Ecuadorian presidential candidate Guillermo Lasso has long avoided discussions relating to any investment he may hold outside of Ecuador. But the candidate came clean after Argentine newspaper Pagina12 reveal irregularities surrounding the establishment of the Banisi bank in Panama. “My family and I have a small bank in Panama,” he admitted in a conference.
Lasso acknowledged that his family owned the bank and insists that the operations are legal and within the rules of the Superintendency of Banks. He justified his funds outside the country, stressing that such investment is in Panama because of the “Correista laws.”
Although the presidential hopeful assured that Banisi is not “a paper bank, it is not an offshore bank”, the Pagina12 reported that Banisi is a paper bank that is used by the presidential candidate to channel funds offshore through 49 companies in Panama, the Cayman Islands and Delaware in the U.S. These investments, according to the Argentine newspaper, are responsible for an exponential increase in the Lasso family's wealth by 3000%, between 1999 and 2000. The newspaper also alleged that Lasso relinquished his position as majority shareholder of Banisi in a bid to circumvent Ecuadorian “tax havens” laws.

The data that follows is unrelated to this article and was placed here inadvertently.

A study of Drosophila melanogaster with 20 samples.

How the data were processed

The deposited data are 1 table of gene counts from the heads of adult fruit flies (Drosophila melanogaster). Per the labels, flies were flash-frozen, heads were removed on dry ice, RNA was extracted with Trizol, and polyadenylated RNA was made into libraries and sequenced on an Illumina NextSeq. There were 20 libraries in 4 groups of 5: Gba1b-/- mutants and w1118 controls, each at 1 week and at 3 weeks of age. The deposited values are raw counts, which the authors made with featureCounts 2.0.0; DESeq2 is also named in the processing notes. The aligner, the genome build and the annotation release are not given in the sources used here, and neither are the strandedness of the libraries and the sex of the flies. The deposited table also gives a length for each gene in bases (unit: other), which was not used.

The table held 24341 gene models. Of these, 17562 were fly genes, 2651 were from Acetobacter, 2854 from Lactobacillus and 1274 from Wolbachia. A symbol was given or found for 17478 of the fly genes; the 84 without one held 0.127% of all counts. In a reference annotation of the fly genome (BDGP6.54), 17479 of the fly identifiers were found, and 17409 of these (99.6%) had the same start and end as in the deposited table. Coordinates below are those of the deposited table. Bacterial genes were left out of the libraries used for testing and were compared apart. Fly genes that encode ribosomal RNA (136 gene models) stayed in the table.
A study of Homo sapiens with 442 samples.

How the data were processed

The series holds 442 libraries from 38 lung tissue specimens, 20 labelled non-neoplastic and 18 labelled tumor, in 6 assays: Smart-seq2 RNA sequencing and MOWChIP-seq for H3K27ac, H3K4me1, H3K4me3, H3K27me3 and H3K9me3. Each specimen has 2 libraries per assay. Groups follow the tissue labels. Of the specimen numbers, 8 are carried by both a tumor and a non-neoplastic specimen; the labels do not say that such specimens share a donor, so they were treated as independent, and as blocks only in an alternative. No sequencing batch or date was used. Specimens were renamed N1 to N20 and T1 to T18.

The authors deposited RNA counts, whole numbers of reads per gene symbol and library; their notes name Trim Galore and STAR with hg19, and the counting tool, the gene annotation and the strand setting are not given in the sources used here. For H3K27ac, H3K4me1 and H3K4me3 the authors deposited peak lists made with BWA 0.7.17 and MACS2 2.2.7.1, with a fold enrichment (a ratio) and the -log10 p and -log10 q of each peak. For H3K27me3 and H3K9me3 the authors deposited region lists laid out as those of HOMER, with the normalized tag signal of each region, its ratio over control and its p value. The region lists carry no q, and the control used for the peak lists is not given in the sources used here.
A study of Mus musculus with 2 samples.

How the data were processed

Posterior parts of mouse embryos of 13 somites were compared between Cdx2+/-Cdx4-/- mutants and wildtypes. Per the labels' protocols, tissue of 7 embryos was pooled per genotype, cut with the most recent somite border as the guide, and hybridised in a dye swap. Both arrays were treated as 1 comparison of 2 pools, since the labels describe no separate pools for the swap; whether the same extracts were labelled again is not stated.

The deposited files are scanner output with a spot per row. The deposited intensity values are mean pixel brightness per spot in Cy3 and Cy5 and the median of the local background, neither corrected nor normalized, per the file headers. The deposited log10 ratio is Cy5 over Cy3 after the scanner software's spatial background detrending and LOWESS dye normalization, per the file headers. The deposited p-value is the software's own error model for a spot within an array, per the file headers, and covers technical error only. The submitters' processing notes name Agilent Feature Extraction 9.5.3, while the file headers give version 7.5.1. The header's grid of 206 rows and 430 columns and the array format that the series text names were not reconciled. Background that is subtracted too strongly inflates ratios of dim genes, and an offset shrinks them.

President Rafael Correa stated over a week ago that the Internal Revenue Service (SRI) is investigating possible illegal activities involving Lasso-owned companies offshore. According to the investigation, if it is proven that Lasso sold to himself (as revealed last year in the Panama Papers leak) he could be charged with banking embezzlement and be imprisoned.